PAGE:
Copper futures fell the most in three weeks after a report showed declining property prices in China, the world’s largest metal user.
New-home prices fell in 64 out of 70 cities in January, Chinese government data showed on Tuesday. China’s first interest rate cut since 2012, which happened in November, hasn’t revived construction yet. Property accounts for about half of China’s copper demand, according to Goldman Sachs Group Inc.
“More and more reports are indicating that the slowdown is not getting any better,” Mike Dragosits, a senior commodity strategist at TD Securities in Toronto, told Bloomberg News. “Prices will probably remain under pressure until we see China taking some aggressive steps to boost growth.”
Chinese copper bar saw little movement on Monday, February 16, staying around CNY 42,720 ($6,850) per metric ton. The Chinese copper cash price saw little price change last Friday at CNY 42,920 ($6,882) per metric ton. Chinese copper wire saw little change in its price last Friday at CNY 41,700 ($6,686) per metric ton. The price of Chinese bright copper scrap continues hovering around CNY 33,400 ($5,356) per metric ton for the fifth day in a row.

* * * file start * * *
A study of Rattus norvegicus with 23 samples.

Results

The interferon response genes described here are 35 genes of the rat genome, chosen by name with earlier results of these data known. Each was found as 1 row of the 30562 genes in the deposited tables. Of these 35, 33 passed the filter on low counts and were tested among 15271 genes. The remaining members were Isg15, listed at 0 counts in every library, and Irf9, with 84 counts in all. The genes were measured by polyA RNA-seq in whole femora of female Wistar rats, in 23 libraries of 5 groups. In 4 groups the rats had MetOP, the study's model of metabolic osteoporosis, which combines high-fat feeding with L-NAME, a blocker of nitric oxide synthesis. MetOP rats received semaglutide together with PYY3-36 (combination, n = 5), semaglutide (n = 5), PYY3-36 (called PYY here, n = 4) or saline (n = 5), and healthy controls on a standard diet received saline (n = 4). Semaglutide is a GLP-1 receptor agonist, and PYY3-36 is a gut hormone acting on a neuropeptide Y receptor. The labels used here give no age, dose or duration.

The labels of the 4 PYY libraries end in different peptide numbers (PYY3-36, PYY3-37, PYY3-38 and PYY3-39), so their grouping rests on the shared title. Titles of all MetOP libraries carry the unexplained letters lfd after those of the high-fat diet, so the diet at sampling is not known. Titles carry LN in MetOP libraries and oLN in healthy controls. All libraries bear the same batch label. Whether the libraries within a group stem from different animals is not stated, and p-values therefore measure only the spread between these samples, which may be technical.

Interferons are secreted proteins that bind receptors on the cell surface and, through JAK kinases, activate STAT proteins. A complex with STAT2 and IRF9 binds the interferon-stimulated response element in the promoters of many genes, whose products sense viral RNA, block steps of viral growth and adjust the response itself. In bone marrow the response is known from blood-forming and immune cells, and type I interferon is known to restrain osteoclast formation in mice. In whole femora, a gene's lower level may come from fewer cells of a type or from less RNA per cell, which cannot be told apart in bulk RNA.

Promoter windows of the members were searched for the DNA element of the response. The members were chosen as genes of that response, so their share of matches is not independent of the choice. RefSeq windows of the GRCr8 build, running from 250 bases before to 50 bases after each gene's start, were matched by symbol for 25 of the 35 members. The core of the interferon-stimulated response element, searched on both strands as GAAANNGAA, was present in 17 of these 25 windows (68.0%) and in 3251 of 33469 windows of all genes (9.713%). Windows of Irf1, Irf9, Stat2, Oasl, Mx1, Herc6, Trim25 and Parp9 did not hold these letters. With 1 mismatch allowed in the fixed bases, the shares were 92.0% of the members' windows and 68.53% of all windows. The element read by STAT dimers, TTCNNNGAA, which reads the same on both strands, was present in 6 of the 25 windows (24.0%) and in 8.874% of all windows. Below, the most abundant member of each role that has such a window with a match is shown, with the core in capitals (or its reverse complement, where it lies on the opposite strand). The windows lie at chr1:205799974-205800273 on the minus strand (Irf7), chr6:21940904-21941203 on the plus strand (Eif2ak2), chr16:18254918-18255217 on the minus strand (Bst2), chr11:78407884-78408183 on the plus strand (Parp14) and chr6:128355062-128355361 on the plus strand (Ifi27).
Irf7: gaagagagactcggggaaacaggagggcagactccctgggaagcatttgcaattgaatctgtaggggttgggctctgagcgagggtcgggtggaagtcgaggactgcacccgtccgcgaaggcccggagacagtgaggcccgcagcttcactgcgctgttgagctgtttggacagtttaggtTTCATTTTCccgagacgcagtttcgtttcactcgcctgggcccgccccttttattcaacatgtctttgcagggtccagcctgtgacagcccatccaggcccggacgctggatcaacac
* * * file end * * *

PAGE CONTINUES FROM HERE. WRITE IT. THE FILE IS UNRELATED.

The price of US copper producer grade 122 showed little movement last Friday, hovering around $3.33 per pound. The cash price of primary Japanese copper saw little price change last Friday at JPY 712,000 ($6,004) per metric ton. The price of US copper producer grade 102 showed little movement last Friday at $3.52 per pound. The price of US copper producer grade 110 held steady around $3.33 per pound.
The 3-month price of copper ended a two-day climb, settling at $5,715 per metric ton on the LME. The cash price of primary copper steadied at $5,730 per metric ton following two-days of increases on the LME.